Just Weeks After Fatal Baltimore Explosion, Fire Protection Research Foundation Releases New Research on Combustible Gas Dispersion and Detector Location Analysis
According to research from NFPA, an estimated 4,200 home structure fires and an average of 40 deaths result annually when natural gas is ignited.
The devastating outcome of a combustible gas leak within a residence was on full display recently when three rowhouses in Baltimore exploded, killing two and injuring seven. While gas detector placement information is available within manufacturer recommendations, NFPA does not currently have a standard containing more specific prescriptive-based detector placement requirements supported by technical review.
NFPA 715, Standard for the Installation of Fuel Gases Detection and Warning Equipment, however, is currently in the early developmental stages prior to beginning full public review. NFPA 715 will help to minimize tragic incidents like we saw in Baltimore on August 10th and in the Merrimack Valley region of Massachusetts last year when a series of more than 80 explosions and fires occurred in approximately 40 homes, killing one and forcing 30,000 to evacuate their residences. NFPA 715 will cover the selection, design, application, installation, location, performance, inspection, testing, and maintenance of fuel gas detection and warning equipment in buildings and structures.
The Fire Protection Research Foundation, the research affiliate of NFPA, recently completed a report studying combustible gas leaks and dispersion in residential buildings, as well as an analysis of combustible gas detector placement to provide the necessary technical basis to justify the requirements in NFPA 715.
Computer modeling was used to quantitatively evaluate the impact that placement has on gas detector performance in residential occupancies. Natural gas and liquefied petroleum gas releases were simulated in different residential structures, and gas concentrations were tracked at numerous potential detector locations within these buildings to determine which locations are most effective for reliable and early detection. Overall, more than 250 simulations were performed with a wide range of plausible leak types and environments to produce the most robust technical basis upon which gas detector location recommendations can be made.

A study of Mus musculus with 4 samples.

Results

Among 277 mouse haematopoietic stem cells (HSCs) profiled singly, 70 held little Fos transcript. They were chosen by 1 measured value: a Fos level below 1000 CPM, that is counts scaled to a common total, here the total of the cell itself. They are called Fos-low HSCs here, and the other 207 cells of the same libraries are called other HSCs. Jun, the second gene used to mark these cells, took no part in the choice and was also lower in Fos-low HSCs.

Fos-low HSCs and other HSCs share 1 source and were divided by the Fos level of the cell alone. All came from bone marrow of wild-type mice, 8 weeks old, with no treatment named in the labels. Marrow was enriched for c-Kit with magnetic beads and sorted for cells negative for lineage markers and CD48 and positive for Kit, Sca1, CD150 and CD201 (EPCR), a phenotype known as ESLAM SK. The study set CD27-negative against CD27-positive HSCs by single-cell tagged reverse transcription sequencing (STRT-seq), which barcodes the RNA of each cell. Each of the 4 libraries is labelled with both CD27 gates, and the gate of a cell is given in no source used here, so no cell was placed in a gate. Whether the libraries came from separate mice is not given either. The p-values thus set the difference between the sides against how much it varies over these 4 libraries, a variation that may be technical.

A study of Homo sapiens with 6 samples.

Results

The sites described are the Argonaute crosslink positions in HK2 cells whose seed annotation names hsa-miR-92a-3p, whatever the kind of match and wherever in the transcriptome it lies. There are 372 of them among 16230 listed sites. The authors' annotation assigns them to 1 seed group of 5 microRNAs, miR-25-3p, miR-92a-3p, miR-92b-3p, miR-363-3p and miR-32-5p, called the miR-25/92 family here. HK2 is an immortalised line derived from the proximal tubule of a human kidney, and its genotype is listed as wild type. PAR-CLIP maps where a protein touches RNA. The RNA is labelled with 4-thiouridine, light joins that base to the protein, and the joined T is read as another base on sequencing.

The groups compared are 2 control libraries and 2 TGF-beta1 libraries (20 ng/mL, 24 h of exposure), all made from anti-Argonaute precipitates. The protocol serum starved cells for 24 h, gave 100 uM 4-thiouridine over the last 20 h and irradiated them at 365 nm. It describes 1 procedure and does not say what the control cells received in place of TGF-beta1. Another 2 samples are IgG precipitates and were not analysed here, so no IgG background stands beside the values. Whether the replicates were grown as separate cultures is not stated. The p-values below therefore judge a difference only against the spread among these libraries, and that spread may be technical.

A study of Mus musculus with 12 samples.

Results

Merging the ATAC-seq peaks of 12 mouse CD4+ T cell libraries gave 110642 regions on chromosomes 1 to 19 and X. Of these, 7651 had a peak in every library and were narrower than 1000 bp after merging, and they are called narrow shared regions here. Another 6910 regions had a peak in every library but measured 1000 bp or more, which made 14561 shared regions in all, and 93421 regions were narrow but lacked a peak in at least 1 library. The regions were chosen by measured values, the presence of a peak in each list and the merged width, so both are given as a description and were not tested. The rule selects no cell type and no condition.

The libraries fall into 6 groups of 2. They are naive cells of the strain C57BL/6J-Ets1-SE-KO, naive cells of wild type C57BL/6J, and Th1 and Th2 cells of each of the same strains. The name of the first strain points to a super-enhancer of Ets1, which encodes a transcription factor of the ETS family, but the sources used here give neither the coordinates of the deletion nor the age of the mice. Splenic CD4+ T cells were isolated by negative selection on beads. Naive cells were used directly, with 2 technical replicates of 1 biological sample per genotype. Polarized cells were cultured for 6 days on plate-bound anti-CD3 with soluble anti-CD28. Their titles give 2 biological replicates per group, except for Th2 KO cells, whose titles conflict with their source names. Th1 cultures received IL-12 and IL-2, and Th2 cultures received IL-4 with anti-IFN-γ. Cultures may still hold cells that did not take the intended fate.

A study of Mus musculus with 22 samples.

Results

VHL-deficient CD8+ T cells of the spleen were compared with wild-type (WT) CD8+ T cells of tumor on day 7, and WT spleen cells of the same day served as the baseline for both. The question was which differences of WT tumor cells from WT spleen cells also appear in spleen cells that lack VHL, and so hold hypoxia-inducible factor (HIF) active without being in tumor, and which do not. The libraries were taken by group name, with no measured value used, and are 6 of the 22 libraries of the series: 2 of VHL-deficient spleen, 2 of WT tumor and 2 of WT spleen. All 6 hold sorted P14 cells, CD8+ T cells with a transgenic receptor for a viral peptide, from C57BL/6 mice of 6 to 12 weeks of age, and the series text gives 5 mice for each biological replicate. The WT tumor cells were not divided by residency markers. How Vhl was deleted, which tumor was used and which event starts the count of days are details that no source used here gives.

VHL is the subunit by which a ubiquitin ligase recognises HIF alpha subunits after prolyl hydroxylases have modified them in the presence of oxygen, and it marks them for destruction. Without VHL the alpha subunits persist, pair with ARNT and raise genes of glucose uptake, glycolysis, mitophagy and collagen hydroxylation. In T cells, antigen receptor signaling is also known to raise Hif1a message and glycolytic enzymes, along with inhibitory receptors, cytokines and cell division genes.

A hazard-based approach was also applied to understand the performance of gas detector installation locations, specifically looking at (1) the role that detector location plays in detecting leaks before certain hazardous conditions arise and (2) the ability for the detector to provide sufficient response time prior to any hazardous conditions arising.
The study highlights the importance of requiring a gas detector in the same room as permanently installed fuel-gas appliances. For these detectors, generally better performance was observed when: the detector was placed closer to the leak source, there was an unobstructed path between the detector and the leak source, and when the detector alarm threshold was lower (i.e., 10% Lower Flammability Limit (LFL) compared to 25% LFL). Poorer performance was observed when a detector was located: near HVAC supply registers; near passive openings such as doors and windows; and near openings to adjacent areas (e.g., door openings and stairwells).
The final report describing the entire study can be found on the hazardous materials page under gases. To learn more about dozens of Fire Protection Research Foundation projects currently underway, click here.